Singers include Daniel Sumegi, Isabel Leonard, Nathan Gunn, Lawrence Brownlee, Patricia Racette and Matthew Polenzani.
While Donald Trump, it seems, is still struggling to put together a line up for his inauguration next Friday, a New York musical director appears to have had more success coming up with an ‘alternative’ concert. Not only that, a host of opera A-listers, including Isabel Leonard, Nathan Gunn, Lawrence Brownlee, Matthew Polenzani, Patricia Racette and Australian bass Daniel Sumegi have signed up to be a part of the event.
Glen Roven conducted Bill Clinton’s inauguration and had hoped to have repeated the honour for Clinton’s wife. Instead, he has come up with the idea for The Hillary Speeches – a setting of texts from two speeches by unsuccessful Democratic candidate Hillary Clinton. “I was honoured to conduct the concert in front of the Lincoln Monument for Bill Clinton’s inauguration” says Roven. “Up until recently, I thought I might conduct Hillary’s inauguration as well. Nevertheless, or perhaps because, I still felt I had to contribute. I’m not rich, nor am I inclined to shout in the streets. But I do write music.”
Glen Roven with Adrienne Danrich and Camille Zamora at recording sessions
The work sets extracts from two speeches by Hillary Clinton – the announcement that she was running as a candidate in 2007 and her concession speech to Donald Trump from last November — as an extended art song (or scena).
“I wanted to involve as many artists from the classical community as possible and split up all the lines,” says Roven, who reached out to colleagues across America. “The response was overwhelming. Setting Hillary’s words was a very emotional experience. Phrases that fly by in a speech are naturally elongated in a musical setting, and as I set each word, slowly and methodically I was in tears. When I mentioned this project to these singers, their immediate response was, ‘I’m in.'”
“At this time of disturbing political unrest, I am pleased to sing Hillary’s words,” Aussie-born, now New York-based Sumegi told Limelight. “I am rather apolitical most of the time, but I am sure I am like most artistic people in being shocked by the disunity in the world right now, and not just in the USA, where I live. I am amazed at all the great artists who have committed to the project, to remind people that there is always a reasonable, calm way, but also to keep shining the light on equality, reason, fairness and respect.”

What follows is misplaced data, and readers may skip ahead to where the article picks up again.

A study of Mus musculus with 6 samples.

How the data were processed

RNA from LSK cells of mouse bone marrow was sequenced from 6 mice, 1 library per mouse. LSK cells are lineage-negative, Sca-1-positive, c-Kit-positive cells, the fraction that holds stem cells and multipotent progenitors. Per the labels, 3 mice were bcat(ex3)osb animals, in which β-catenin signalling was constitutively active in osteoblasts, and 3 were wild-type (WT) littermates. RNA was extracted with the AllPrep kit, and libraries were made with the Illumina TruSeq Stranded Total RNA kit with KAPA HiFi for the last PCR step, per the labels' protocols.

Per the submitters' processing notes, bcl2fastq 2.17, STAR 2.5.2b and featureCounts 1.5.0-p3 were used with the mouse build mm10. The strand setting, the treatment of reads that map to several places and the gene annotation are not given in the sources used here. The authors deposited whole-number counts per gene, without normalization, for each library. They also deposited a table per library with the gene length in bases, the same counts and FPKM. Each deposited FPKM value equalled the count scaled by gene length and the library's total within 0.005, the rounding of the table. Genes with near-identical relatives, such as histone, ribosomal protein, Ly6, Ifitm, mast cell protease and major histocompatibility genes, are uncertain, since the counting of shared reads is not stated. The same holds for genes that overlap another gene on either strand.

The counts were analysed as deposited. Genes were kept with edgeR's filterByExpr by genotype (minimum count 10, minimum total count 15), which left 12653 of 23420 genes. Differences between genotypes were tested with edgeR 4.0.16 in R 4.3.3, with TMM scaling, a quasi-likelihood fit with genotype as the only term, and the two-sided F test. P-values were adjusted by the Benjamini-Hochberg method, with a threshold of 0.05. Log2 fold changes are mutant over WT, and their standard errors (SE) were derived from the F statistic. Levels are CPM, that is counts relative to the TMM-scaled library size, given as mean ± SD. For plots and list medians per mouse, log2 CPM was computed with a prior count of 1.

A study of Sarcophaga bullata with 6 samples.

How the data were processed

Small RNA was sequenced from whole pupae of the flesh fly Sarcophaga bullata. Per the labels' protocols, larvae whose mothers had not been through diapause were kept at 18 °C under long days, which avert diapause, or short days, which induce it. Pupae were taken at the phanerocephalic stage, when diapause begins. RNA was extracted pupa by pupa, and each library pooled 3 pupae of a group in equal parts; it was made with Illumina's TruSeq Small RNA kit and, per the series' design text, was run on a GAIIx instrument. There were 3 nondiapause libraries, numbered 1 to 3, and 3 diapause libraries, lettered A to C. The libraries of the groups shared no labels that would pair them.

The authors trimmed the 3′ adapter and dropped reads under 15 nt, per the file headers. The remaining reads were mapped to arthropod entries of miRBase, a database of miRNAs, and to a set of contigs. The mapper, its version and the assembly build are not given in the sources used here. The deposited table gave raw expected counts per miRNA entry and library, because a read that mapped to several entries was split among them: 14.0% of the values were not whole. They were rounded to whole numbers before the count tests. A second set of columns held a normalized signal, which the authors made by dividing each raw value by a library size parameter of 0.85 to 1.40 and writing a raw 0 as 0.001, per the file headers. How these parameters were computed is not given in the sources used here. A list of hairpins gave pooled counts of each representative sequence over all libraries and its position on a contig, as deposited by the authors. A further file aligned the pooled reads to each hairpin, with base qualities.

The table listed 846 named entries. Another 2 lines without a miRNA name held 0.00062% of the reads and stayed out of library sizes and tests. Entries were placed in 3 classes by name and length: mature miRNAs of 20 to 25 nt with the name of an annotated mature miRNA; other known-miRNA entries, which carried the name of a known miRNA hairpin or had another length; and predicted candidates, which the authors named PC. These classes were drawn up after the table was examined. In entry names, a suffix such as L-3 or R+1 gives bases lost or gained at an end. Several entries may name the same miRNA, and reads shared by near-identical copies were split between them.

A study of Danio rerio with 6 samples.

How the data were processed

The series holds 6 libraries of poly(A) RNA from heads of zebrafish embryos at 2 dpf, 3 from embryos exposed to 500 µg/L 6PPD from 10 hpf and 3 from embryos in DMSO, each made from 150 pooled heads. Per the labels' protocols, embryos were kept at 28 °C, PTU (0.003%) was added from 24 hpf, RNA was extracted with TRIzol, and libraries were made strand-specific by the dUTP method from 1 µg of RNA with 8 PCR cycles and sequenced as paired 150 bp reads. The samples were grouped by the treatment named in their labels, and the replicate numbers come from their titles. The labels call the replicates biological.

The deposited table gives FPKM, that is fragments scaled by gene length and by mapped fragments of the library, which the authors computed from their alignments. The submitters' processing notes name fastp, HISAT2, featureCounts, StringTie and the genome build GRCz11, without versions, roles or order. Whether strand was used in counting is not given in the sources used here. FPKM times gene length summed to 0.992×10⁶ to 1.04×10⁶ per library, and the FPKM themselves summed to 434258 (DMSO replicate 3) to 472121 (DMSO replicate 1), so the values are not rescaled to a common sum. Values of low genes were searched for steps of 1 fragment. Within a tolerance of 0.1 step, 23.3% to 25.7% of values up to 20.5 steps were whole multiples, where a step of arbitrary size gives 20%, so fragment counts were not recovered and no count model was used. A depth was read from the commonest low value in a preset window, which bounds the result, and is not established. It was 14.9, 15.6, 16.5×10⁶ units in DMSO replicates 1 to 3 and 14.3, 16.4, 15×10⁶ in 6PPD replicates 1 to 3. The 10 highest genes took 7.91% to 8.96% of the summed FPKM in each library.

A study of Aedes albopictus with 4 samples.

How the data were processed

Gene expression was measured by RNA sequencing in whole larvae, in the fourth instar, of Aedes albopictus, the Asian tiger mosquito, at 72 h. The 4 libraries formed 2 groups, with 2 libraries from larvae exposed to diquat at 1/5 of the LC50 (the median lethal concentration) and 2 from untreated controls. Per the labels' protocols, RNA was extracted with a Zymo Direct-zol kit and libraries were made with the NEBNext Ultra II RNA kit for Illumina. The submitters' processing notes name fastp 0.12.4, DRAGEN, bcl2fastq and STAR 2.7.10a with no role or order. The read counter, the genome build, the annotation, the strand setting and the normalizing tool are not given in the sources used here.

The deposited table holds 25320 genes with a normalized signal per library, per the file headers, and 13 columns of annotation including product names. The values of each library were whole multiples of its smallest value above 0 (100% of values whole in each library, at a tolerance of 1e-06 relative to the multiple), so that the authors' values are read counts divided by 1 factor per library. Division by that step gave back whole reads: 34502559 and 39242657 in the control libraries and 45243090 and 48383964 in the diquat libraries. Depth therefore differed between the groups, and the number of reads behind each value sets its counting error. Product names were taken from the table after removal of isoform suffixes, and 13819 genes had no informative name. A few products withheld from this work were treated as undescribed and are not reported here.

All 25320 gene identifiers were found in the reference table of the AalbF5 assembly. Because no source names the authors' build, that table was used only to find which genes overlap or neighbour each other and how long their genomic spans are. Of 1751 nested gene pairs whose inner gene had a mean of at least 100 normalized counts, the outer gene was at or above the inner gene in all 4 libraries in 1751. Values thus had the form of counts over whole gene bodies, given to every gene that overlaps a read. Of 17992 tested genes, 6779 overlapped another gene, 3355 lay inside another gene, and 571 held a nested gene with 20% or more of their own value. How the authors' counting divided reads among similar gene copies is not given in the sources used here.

In fact, so many singers said yes that Roven and director Camille Zamora decided to edit individual contributions for The Hillary Speeches into a film (directed by James Gray, Warren Elgort, and Larry Robbins) with each artist shot individually. This had the added advantage of allowing singers to ‘phone in’ their contributions from wherever they happened to be at the time. Patricia Racette sent in her footage from Santa Fe and Lawrence Brownlee from Munich. Sumegi sings a 24 bar section from the concession speech in which Hillary is thanking her volunteers. “It’s rather short, but has a very ‘Americana’ cadence,” he explains.
The premiere is planned to coincide exactly with the moment Donald Trump is inaugurated as President of the United States and National Sawdust (National Sawdust, a New York, artist-led, non-profit), has offered to both live-stream the performance and host it free for the public.
Annie Potts, the great American actress, also takes part. “At another gathering being held today in Washington D.C., someone is raising his hand and taking a most important oath of office,” Potts says in her introduction. “Many of us, gathered here, had expended great energy, time and faith, in the hope that the person raising her hand today, and swearing to uphold the Constitution, and lead our great nation into the future, would have been Hillary Clinton. The disappointment, especially from those in the artistic community, is deep and palpable…. Though she cannot raise her hand to take the Presidential Oath today, we can raise our voices to remind the world that sometimes, out of disappointment, can come something very special called art!”
Or as Roven says, “protest has many forms.”
The concert will be streamed from NationalSawdust.org, as well as other web outlets to be announced, on Friday, January 20 at 12:00PM.